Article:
Woahink Release

During a walk at Woahink Lake on Tuesday, my husband and I were treated to a unique spectacle. A couple was unloading a truck, which was parked on the slope by the boat launch. Rather than transferring a kayak or canoe to the water though, they balanced between them a large dog crate. “They must have a puppy,” remarked my husband. We stopped to watch. I was ready to witness the rambunctious antics of a young German Shepherd or Golden Retriever, perhaps even a Saint Bernard.

They carefully settled their load in the grass near a picnic table. The woman kneeled at its rear; her bearded companion calmly swung open the crate’s door. Nothing happened, no bounding puppy. I revised my expectations; perhaps he was a shy, nervous fellow.

The couple waited. We waited. And then we saw, very briefly…a large wing. We glanced at the pair of Canada Geese grazing on the lawn about 30 yards from the crate and equidistant from our observation point. They were now on alert, necks fully extended, eyes fixated. We were on hold, the crate the focal point of all present human and waterfowl. After a poignant pause, a strong set of wings pulsed from the plastic coop and launched skyward. I caught my breath; the geese hit the water. The osprey – for that was the crate’s precious cargo – gracefully turned a few silent arcs, and then flew out of sight.We returned to our car. I felt I’d witnessed the end to a story, but wanted to know the prior chapter.   Rather than leave, we parked behind the truck and interrupted the raptor releasers as they approached with the empty crate. We learned the osprey was rescued at Woahink Lake the prior Friday, a claw snagged by a fishhook and caught in fishing line. She was disentangled and nursed for a few days at the Cascades Raptor Center in Eugene, before being returned by this couple to her summer nesting grounds. The hope was that she had a mate waiting for her, perhaps tending a nest in her absence. Ospreys mate for life, they explained, so her feathered spouse’s parenting would have ended with her loss. I lent my own credence to their hoped-for tale: she had flown toward an area of the lake known to host several osprey nests in the trees.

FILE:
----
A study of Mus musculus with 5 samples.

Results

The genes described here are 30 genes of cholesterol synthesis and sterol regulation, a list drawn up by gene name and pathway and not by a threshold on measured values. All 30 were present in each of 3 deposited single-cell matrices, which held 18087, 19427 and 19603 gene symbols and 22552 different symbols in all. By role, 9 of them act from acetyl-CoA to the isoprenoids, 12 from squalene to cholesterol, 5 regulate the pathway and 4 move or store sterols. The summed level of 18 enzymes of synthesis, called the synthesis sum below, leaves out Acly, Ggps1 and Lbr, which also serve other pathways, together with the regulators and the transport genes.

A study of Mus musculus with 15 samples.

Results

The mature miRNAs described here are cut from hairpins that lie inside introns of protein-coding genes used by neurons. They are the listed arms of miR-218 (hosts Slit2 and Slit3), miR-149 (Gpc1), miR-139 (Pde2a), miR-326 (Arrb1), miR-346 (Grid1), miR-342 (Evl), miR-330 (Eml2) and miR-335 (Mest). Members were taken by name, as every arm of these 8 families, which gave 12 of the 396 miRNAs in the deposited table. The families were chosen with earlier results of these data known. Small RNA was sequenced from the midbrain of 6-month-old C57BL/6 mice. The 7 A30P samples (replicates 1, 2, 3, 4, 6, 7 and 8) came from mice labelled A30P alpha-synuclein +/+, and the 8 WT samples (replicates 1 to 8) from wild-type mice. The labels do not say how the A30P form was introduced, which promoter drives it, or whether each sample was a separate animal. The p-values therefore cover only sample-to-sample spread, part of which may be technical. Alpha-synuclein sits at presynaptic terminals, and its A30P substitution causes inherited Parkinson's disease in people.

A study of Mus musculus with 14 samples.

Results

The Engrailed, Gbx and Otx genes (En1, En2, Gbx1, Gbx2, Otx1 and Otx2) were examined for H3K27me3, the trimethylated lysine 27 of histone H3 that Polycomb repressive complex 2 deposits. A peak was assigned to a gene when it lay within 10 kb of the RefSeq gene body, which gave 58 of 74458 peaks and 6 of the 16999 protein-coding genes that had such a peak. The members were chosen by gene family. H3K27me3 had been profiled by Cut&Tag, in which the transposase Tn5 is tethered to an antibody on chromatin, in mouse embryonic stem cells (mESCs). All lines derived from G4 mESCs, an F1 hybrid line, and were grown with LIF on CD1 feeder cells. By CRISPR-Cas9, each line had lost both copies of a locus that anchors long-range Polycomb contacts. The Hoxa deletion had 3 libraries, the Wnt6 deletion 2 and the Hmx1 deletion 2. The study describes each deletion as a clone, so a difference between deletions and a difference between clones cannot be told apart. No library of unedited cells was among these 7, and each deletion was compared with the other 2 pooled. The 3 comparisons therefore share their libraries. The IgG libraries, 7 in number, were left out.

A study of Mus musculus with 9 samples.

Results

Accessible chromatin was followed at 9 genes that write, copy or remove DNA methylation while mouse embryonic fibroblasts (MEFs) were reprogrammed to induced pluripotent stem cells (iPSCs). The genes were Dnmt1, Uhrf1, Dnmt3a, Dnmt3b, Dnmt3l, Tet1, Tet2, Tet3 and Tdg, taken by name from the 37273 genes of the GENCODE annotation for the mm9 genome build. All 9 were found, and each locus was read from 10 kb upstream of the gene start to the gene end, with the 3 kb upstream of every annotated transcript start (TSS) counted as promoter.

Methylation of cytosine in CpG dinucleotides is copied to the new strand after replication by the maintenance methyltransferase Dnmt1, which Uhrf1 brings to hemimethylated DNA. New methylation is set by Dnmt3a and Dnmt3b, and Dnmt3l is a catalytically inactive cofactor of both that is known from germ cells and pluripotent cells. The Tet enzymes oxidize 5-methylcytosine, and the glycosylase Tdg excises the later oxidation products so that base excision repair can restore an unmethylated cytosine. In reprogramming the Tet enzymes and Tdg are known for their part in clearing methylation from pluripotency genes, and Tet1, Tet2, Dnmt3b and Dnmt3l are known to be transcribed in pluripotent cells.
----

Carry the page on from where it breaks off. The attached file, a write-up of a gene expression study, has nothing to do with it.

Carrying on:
My husband thanked them for their care of a Woahink osprey, and I add my gratitude. No other cars were in the parking lot. There was no grandstanding or press present, only my husband, myself, and a pair of geese. It’s comforting to know there are folks such as these to care for nature’s creatures when they collide with human environs. Liberating this healed osprey was their reward, but the efforts of this non-profit wildlife hospital certainly warrant broader recognition. Many thanks to the Cascades Raptor Center!

After posting this article, I received an email from Amanda Paris. It was Amanda and her husband, Adam Mayfield, who released the osprey. She provided a link to a video of the release.

In the video you can see it was Amanda who opened the crate, not Adam. Given I had no idea what I was witnessing at the time, or that I would later write about it, that is a minor inaccuracy. I was surprised to see the actual release took less than a minute; time must have been suspended in my anticipation and subsequent awe.

I used to have the video shared here, but it is no longer publicly available.  I do have a still from the video showing Amanda and the rescued osprey.